We read with great interest the recent article by Lee and colleagues, reporting the final results of the ISTANA trial (1). The authors affirm that these results prove the superiority of gefitinib over chemotherapy in the treatment of advanced, pretreated non–small-cell lung cancer (NSCLC) in terms of survival, safety, and quality of life (see Translational Relevance). However, as a matter of fact, the results show uniquely the superiority of gefitinib in progression-free survival (PFS). These data, for the first time, show the superiority of a single, molecular, targeted agent in comparison with standard chemotherapy. Furthermore, they seem to clash with the main results of the INTEREST trial and the V-15-32 trial, which showed the “non inferiority” of gefitinib in comparison with docetaxel in terms of response rate or overall survival (the INTEREST trial) and in terms of symptoms control and quality of life (the INTEREST and V-15–32 trials; refs. 2–4). The ISTANA trial differs from these 2 trials for some substantial aspects in the study design and conduction:
•The ISTANA trial is a “superiority” trial, whereas the others are “noninferiority” trials.
•PFS was the primary endpoint in the ISTANA trial, whereas overall survival was the primary endpoint in the other trials.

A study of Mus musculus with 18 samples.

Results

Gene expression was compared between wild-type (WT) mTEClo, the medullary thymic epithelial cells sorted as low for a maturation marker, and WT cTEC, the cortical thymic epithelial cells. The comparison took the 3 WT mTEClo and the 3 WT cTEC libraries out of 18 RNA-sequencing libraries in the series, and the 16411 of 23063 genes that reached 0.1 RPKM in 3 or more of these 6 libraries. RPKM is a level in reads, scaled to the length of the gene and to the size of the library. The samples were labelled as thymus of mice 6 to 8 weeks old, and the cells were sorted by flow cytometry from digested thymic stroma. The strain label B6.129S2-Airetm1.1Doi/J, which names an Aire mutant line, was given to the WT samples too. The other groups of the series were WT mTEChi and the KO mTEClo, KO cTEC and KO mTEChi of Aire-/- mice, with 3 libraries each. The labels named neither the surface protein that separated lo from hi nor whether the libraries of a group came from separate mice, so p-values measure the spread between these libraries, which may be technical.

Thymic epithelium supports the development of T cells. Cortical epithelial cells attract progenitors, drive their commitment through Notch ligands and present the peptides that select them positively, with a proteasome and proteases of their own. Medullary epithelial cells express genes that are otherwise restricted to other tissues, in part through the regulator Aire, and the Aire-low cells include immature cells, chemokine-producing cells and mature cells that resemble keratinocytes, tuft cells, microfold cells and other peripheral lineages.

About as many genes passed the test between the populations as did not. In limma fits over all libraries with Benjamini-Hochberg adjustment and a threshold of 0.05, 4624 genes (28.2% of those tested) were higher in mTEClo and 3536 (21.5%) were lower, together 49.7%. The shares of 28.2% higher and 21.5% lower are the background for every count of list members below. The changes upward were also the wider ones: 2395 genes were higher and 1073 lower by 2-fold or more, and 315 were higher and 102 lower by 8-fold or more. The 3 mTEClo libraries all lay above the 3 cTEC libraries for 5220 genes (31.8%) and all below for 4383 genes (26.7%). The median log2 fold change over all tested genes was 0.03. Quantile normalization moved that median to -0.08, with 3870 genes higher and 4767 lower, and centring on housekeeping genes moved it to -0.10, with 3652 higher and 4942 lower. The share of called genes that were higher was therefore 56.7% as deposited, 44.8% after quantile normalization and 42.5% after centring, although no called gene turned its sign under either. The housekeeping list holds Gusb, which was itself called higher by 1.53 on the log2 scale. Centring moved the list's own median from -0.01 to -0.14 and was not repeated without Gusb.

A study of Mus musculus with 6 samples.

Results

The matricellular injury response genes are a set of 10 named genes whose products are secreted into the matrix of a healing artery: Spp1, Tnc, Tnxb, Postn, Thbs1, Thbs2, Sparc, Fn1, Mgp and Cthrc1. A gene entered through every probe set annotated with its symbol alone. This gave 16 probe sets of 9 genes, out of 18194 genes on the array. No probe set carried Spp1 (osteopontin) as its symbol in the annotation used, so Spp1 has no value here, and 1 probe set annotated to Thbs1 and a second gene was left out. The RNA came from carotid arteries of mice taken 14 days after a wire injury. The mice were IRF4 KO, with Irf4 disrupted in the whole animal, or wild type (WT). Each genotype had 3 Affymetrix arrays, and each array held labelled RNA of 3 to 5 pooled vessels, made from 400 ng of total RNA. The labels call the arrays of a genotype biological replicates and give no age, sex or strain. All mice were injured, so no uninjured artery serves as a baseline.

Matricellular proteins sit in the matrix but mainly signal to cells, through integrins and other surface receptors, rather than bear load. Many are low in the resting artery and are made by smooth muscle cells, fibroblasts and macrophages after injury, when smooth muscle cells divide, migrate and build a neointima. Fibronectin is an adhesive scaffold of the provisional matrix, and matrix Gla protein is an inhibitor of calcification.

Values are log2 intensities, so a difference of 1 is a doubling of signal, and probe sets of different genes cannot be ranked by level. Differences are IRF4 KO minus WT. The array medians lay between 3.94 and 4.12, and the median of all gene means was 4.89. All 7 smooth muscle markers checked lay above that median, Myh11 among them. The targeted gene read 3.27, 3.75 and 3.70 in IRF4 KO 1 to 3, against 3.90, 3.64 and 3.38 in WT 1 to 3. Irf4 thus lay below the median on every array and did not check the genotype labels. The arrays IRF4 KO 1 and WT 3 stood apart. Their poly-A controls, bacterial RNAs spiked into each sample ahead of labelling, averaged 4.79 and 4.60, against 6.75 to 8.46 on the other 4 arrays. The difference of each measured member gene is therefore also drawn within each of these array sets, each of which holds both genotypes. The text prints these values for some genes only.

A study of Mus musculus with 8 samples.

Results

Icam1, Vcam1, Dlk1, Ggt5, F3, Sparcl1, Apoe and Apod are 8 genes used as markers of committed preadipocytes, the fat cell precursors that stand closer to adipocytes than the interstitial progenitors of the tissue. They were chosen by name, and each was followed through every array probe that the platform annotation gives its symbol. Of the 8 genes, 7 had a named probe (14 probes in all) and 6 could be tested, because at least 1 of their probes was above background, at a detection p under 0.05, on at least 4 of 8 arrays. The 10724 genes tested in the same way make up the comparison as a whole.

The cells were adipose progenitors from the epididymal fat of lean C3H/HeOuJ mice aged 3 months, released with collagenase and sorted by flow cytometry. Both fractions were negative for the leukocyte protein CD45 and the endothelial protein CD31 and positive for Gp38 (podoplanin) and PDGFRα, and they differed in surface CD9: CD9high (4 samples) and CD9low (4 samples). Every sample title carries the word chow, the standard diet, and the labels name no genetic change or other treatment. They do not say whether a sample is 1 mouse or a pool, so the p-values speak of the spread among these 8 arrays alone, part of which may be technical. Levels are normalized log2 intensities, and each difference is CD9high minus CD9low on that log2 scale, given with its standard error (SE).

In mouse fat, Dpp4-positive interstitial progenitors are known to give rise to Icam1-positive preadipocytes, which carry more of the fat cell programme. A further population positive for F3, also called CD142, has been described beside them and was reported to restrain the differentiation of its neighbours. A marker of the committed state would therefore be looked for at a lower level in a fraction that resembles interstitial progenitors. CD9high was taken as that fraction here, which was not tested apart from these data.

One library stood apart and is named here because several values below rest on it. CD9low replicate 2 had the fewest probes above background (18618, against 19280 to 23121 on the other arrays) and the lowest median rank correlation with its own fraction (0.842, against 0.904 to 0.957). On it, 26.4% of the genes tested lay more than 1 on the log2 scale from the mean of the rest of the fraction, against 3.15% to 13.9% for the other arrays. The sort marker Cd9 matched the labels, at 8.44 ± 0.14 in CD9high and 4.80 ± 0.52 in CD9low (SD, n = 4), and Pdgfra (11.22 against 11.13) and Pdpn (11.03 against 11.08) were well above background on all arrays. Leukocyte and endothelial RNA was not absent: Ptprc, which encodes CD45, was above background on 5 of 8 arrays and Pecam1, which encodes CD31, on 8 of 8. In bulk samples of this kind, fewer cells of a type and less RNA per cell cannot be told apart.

•The ISTANA trial enrolled only Korean patients pretreated with just 1 line of treatment and a high percentage of them were never-smokers.
Moreover, some issues about the ISTANA trial need to be clarified for a correct, final interpretation of the results:
•Why the authors assumed an α error of 10% (instead of 5%) to show the superiority of gefitinib in PFS?
•Are the authors truly sure that the lack of any correlation between PFS and overall survival is due to a hypothetical role of third-line treatments?
•Why the 2 PFS curves differ only in their final part, suggesting equivalent outcomes for most patients in the 2 arms?
The authors of the ISTANA trial would aim at changing the actual perspective of second-line treatments of advanced NSCLC, but, unfortunately, the negligible entity of the final results and the lack of any significant effect on quality of life or symptoms control bring back the merit of the trial to its right perspective.
Further trials are probably needed to better understand the role of gefitinib in the second-line treatment of NSCLC.
- Received January 15, 2011.
- Revision received February 12, 2011.
- Accepted March 2, 2011.
- ©2011 American Association for Cancer Research.